Dara Shukoh: A Play in Verse
Rs250 pp 204
This new edition of Gopal Gandhi's 1993 play rides the crest of a high wave of international dramatic interest in Shah Jehan's crown prince. A few years ago in Delhi, MS Sathyu directed Danish Iqbal's identically titled play, which tanked. Then, The Trial of Dara Shikoh (sic) by Pakistani-American academic Akbar Ahmed premiered in the US in 2008. Recently, Lahore's Ajoka Theatre performed the critically acclaimed Dara Shukoh written and directed by Shahid Nadeem. This sudden fascination should not surprise, given the worldwide spotlight on Islam and debate between its extreme and liberal factions.
The enlightened and syncretic Dara, like his great-grandfather Akbar, is a natural subject in such conditions, and Gandhi anticipated its topicality, for he authored the play before the Babri fiasco, though it appeared the following year. He upholds Dara as a role model of religious integration — "We were meant to unite/ Those we have taught, now, to fight" — as well as of unfulfilled promise for India staunched by Aurangzeb's manipulative triumph in the brothers' war of succession: "I will always be seen/A forever might-have-been." As a sub-theme, he presents a warning to governments in Delhi, prone to take the rest of India for granted, that they must consider the needs and aspirations of all citizens.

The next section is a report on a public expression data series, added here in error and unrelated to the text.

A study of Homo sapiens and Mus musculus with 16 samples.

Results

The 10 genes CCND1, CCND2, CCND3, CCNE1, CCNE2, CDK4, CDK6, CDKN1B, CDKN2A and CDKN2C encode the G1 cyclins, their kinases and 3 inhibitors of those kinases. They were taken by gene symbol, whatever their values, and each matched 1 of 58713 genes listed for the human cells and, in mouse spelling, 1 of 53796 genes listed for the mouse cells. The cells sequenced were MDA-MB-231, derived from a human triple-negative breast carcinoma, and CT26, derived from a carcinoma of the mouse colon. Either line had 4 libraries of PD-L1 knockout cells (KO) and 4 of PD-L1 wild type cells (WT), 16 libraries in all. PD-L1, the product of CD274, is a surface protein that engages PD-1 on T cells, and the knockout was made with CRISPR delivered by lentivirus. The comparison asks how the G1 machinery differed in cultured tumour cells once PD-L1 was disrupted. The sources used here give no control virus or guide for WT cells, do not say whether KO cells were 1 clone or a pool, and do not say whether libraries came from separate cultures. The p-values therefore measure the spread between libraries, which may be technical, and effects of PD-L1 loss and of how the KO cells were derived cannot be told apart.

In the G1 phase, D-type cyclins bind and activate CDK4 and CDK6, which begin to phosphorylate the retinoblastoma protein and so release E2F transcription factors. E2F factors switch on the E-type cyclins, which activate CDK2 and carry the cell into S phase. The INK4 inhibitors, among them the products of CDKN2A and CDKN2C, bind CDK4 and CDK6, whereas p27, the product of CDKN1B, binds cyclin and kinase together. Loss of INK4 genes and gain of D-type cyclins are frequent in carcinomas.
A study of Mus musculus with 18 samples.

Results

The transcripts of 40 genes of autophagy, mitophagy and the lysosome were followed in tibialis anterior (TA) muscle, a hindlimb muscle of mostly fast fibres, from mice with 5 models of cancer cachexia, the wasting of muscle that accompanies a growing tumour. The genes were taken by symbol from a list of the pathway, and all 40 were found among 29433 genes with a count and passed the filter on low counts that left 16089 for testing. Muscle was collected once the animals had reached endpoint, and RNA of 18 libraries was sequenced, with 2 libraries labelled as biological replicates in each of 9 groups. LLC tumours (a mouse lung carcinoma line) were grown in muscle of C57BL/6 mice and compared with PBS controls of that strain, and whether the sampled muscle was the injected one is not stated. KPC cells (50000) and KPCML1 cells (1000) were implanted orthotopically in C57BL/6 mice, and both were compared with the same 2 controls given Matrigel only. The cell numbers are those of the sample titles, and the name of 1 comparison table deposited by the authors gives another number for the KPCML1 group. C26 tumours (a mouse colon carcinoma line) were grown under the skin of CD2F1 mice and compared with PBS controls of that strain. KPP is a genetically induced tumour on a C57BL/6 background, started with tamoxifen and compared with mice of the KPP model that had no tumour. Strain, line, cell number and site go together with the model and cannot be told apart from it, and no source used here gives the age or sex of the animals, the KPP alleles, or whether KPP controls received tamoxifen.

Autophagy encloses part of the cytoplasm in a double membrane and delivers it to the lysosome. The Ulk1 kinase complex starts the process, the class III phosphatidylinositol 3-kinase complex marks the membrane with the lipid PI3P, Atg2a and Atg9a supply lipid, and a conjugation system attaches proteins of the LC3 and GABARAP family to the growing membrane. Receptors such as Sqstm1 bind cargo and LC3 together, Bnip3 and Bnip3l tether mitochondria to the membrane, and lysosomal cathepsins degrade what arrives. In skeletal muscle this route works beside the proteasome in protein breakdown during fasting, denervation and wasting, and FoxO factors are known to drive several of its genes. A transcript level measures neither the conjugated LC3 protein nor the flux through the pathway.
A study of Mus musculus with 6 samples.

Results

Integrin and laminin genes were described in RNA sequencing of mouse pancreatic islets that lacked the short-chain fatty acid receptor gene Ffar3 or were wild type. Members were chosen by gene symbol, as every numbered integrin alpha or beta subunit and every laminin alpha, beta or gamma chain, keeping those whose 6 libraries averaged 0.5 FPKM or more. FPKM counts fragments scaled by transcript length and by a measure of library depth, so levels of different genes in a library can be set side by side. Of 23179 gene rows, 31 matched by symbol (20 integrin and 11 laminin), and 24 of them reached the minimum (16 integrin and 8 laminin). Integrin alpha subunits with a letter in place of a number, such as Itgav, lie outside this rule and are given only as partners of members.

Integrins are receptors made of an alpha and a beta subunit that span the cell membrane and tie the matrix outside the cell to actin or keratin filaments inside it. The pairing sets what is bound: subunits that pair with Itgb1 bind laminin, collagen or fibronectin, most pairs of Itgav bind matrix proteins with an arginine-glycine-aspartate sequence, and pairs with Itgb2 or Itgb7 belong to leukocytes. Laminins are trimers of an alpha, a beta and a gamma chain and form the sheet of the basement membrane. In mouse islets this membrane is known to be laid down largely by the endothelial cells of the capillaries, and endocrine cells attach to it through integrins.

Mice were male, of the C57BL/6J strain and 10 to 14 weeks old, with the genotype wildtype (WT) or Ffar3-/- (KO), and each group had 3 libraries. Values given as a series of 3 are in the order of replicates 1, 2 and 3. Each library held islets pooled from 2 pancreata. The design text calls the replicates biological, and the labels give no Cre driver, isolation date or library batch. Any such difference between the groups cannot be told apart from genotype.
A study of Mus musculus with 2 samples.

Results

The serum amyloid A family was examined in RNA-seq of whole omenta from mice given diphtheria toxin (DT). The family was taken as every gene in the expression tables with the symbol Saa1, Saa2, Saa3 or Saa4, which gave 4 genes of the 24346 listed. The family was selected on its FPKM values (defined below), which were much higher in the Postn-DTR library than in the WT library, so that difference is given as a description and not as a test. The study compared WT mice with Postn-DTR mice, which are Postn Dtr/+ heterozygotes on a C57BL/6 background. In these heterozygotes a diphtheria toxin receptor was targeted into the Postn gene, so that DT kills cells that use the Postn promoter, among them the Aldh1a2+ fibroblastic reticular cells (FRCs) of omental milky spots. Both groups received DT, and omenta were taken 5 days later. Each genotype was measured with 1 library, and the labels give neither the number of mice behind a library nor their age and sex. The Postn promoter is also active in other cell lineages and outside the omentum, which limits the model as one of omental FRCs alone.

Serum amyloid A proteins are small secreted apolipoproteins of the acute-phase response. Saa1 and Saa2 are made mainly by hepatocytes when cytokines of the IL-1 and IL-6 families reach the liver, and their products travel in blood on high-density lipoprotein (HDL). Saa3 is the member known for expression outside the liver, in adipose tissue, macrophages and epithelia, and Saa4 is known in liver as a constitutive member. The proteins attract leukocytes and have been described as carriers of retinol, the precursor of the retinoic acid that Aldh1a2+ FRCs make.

Gandhi composed this tragedy in seven acts, which makes it over three hours long — probably why nobody has had the courage to stage it as yet. He takes Dara from being an heir apparent in Shah Jehan's durbar to his assassination in prison under Aurangzeb's orders. Dara's wife and sons enter the dramatic nucleus, along with the fictional creation of his loyal but critical jester, while the powerful figures of Shah Jehan and Aurangzeb remain in the background. Gandhi's literary style is unique, rhyming the entire script in verse of various kinds, mainly robust tetrameter couplets and ballad quatrains. The tight-lipped Aurangzeb speaks mostly terse trimeter. An example of Gandhi's poetic metaphor, as when describing the Taj:
Time's silent oyster-womb
Will, in its hidden room,
With gentle love, fashion
A pearl of perfection
So it shall ever rest
Unflawed, on Sorrow's breast
He does not neglect humour. One catty harem girl tells another: "This is the Diwan-i-Khas/Not the place to swing your…" (ellipsis Gandhi's).
Tranquebar has published the book aesthetically, in bicolour printing with names and stage directions in blue. But the copy editing is not perfect. For instance, ‘Mughal' in the author's note becomes 'Moghul' in the text; ‘Acharya' in the stage directions changes to ‘Acharj' in the text. Nevertheless, Dara Shukoh displays a genuine dramatist's hand. Could we expect more plays from Gandhi?
Ananda Lal is a professor of English at Jadavpur University and has edited The Oxford Companion to Indian Theatre.